To Amos Jordan, Secretary for Cislunar Navigation, no situation was unsolvable. There were rules for everything, weren't there.... Except maybe this thing ...
atmosphere in, oh, say the last thirty-six hours?"
Jordan's eyes lit up like twin afterburners.
"They'll have it hidden like the British crown jewels, but...." He grabbed the phone. "Gerry? Have General Criswell paged and ask him to come to my office if possible." He chuckled triumphantly. "Criswell's on the Joint Security Service Board ... what an exercise for that gumshoe outfit!"
* * * * *
It took three hours for General Criswell's ferrets to obtain facsimiles of the reports needed. A sweating staff (borrowed from the cryptographic section to preserve secrecy) finally broke them down to three probables: a Lunar courier which had aborted and returned to base for no clean cut reason, an alleged training exercise in three body orbits with the instructors' seats inexplicably filled with nothing lower than the rank of Lieut. Commander and a sour smelling sortie out of Guantanamo labeled Operation Artifact.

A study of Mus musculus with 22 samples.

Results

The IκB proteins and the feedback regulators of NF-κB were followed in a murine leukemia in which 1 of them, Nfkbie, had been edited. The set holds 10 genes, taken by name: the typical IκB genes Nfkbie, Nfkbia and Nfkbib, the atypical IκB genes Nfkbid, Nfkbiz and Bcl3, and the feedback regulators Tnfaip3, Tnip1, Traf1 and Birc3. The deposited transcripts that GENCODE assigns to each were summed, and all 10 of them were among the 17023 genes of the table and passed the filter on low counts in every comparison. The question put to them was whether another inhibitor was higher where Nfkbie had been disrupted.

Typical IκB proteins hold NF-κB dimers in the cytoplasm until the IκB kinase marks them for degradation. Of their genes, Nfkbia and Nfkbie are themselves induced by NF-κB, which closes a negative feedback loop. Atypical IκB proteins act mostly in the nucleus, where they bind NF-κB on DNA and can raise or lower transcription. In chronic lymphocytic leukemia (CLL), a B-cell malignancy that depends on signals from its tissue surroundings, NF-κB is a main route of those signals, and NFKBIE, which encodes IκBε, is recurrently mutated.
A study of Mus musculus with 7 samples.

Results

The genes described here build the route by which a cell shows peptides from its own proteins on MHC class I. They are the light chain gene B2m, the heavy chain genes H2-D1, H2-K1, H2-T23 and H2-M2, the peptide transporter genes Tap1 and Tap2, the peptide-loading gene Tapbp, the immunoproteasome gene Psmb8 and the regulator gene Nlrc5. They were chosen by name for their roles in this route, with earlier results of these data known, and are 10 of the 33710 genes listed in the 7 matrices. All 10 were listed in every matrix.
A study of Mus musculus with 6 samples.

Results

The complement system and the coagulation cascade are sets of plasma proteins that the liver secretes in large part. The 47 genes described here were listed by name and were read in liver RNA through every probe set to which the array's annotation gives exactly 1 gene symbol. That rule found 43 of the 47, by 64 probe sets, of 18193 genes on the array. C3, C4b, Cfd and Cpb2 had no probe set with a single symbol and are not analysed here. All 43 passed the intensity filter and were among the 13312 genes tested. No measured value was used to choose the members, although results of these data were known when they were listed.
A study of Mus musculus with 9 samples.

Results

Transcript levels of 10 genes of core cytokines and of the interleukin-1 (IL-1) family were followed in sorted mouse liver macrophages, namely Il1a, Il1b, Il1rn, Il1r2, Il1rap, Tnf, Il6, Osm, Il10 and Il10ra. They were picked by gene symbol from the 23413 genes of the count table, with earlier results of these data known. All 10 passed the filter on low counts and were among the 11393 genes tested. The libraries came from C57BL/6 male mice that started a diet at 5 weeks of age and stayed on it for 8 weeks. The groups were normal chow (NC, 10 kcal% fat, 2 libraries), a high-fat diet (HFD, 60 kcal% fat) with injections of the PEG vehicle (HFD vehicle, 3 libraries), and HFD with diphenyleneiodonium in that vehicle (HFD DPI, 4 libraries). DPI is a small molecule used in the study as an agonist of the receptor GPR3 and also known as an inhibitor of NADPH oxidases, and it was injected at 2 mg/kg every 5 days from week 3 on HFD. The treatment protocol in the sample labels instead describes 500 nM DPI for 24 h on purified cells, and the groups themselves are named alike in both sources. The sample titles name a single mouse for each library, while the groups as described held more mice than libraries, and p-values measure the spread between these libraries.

* * * * *
Jordan remained sold on the latter for half
Senseless and stupid. The nation makes a fuss over an old artificial satellite. There is nothing in this story to care about, but the characters care o-so-much about nothing. Worse than a waste of time. Avoid this one.
185 years after its launch in 1958 the hulk of Delta 58 is about to finally reenter the atmosphere and burn up. Except . . . some factions want to preserve it for one reason, and others for other reasons, and they all write congress.
More of a satire on government and the military than hard science fiction, but maybe that's what science fiction is. A story from 1960, it's interesting that no one smokes. Women, it's true, only exist as secretaries, and phones seem to still have cords, but the story was amusing.